Drop Those Useless Client Labels


But instead of looking back, it is even more important to consider your game plan for next year. The good news is that there’s a lot of upside to being an independent advisor in 2016. Understanding how to capture that upside and maximize your practice’s effectiveness will make all the difference.

Is there a move in your game plan? READ MORE: Following the Money: Cities Where Wealth is Growing Fastest

In general, there’s a greater appetite among investors for what independent advisors do best: provide high-touch, personalized service to clients. According to Cerulli Associates, assets are continuing to shift away from wirehouses toward independents. By 2018, independent advisory businesses are expected to comprise nearly 40% of assets under management, compared with less than a third (30.7%) a decade earlier.


This shift in the marketplace should mean greater revenues, but it also means increased competition. With this in mind, the following tips are based on my outlook for independent advisors in the coming year.

1.     Segment, but don’t oversimplify. With increased interest from investors, comes an increased need to micro-segment prospective clients.Basic demographic labels, like high net worth or mass affluent, won’t adequately allow you to develop the client-advisor relationship and establish your role as a valued counselor.

The advisors who will stand out in 2016 will be the few whose unique client understanding extends beyond demographic labels to better enable holistic financial planning and service. For these advisors, net worth is one of many factors to consider among phase of life, occupation, relationship status, the presence of dependents, personal interests and hobbies, charitable causes and so much more. Advisors who segment based on what is important to the client, versus just AUM or revenue, can build services and niches that can’t be replaced by generalists or online advisors.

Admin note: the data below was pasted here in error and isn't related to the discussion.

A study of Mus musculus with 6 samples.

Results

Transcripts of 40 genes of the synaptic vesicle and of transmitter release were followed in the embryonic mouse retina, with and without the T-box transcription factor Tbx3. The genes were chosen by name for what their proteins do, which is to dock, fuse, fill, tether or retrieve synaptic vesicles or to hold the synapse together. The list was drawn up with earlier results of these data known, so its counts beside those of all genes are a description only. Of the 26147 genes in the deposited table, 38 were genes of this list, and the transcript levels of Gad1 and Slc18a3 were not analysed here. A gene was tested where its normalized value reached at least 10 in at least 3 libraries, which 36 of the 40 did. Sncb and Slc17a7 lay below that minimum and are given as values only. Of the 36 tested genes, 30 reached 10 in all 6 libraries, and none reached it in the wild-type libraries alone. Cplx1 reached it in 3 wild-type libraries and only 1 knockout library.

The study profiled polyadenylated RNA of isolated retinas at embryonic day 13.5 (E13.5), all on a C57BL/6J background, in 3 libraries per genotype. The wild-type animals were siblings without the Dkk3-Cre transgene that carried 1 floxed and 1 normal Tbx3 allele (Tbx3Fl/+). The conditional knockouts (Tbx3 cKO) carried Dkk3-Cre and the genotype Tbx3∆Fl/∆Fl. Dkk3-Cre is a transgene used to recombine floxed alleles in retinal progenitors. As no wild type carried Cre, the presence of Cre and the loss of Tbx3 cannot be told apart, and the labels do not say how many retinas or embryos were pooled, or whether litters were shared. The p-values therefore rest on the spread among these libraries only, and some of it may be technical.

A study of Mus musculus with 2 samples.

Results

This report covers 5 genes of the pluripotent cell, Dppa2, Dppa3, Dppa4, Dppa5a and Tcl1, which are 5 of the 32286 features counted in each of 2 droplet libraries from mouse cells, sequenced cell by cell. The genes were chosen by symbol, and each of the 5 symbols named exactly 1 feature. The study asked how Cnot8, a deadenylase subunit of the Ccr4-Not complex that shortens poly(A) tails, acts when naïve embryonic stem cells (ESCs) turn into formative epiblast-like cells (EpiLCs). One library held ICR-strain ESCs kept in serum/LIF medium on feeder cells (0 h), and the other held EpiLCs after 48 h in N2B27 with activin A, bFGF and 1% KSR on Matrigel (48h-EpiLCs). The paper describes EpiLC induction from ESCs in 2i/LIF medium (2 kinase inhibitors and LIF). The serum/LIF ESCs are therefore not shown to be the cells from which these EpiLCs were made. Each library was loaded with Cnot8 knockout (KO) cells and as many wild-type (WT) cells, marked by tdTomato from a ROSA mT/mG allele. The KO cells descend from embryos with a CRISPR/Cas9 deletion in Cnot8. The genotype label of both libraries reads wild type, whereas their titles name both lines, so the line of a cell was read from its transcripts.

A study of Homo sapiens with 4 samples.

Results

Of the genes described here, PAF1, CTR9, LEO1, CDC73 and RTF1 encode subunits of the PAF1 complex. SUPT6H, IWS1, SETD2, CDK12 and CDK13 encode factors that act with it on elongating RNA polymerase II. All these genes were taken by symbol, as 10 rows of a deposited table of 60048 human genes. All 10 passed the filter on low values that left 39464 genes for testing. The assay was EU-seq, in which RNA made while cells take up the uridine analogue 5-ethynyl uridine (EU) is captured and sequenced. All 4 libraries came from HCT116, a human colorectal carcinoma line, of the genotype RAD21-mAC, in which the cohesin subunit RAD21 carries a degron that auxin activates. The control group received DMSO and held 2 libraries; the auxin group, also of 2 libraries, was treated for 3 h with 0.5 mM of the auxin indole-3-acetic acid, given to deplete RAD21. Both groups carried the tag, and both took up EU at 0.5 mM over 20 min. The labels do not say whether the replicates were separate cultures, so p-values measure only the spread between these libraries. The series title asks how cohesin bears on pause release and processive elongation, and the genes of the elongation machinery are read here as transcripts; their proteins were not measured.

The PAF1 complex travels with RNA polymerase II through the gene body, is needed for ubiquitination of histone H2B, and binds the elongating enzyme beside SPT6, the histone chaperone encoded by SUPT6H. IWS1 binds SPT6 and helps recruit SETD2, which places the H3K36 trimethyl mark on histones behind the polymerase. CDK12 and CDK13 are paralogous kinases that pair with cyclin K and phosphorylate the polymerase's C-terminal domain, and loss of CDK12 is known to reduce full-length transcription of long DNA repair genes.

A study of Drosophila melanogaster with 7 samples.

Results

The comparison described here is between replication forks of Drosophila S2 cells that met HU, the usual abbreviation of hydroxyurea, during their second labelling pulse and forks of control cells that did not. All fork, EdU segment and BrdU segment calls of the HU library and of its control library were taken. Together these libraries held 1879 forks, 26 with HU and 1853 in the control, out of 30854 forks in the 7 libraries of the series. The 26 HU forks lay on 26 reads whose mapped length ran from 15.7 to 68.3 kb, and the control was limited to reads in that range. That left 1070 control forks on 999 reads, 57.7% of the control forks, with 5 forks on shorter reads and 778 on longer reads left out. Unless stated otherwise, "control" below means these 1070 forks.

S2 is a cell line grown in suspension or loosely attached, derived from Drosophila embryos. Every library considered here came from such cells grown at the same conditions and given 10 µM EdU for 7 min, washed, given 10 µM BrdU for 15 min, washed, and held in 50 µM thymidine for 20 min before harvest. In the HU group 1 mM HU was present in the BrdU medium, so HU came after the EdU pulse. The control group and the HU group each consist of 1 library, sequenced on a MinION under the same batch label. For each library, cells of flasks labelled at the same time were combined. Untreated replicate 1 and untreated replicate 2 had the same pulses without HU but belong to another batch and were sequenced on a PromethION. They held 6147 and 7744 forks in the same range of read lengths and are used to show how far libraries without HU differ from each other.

2.     Be a techno advisor. A techno advisor is a practitioner who offers the high-touch personalized service of the pre-Internet days, while taking advantage of all the efficiencies new software, applications and managed services, like turnkey asset management programs, or TAMPs, have to offer. This advisor leverages online scheduling tools, is social media savvy, offers clients access to web portals to track their personal progress and is not averse to tools like videoconferencing, when it is convenient for clients.

The techno advisor embraces technology and looks at outsourcing almost everything in their business — everything except the client relationships.

3.     Analyze your revenue model. Fees will come to a fork in the road beginning in 2016.  On one prong you have the upcoming proposed Department of Labor fiduciary rule and on the other you have online advisors, validator clients and the media all challenging your revenue model. The successful advisor in 2016 and beyond will strengthen their value proposition (beyond investments) as well as reduce the dependency on commission-based products in favor of advisory services or other forms of compensation such as retainer or fee for service.

4.     Bring the plan into the open. Traditional cash flow-based financial planning is being replaced by goals-based co-planning. The notion of the big-binder financial plan that will never be opened by the client after the initial meeting should be jettisoned. Co-planning, or looking at scenarios in real time and making adjustments, creates client engagement and buy-in. The financial plan goes from something the advisor created to “our plan” that everybody owns. 

More important, advisors should start focusing on goals-based reporting, too. Advisors are already doing a great job of discovery and implementation in goals-based planning processes but they are missing the final, most critical step. By reporting on progress to goals, the advisor is consistent with the planning process and the short-term noise of the markets.

If you don’t know where to begin when you sit down to develop your 2016 practice strategy, start by thinking about where you spent the bulk of your time in 2015. As an advisor, your time is your most valuable asset. If your answer includes completing a lot of tasks manually that could otherwise be automated or streamlined through technology or a service like a TAMP, chances are you’re missing out on valuable client-facing or prospecting time.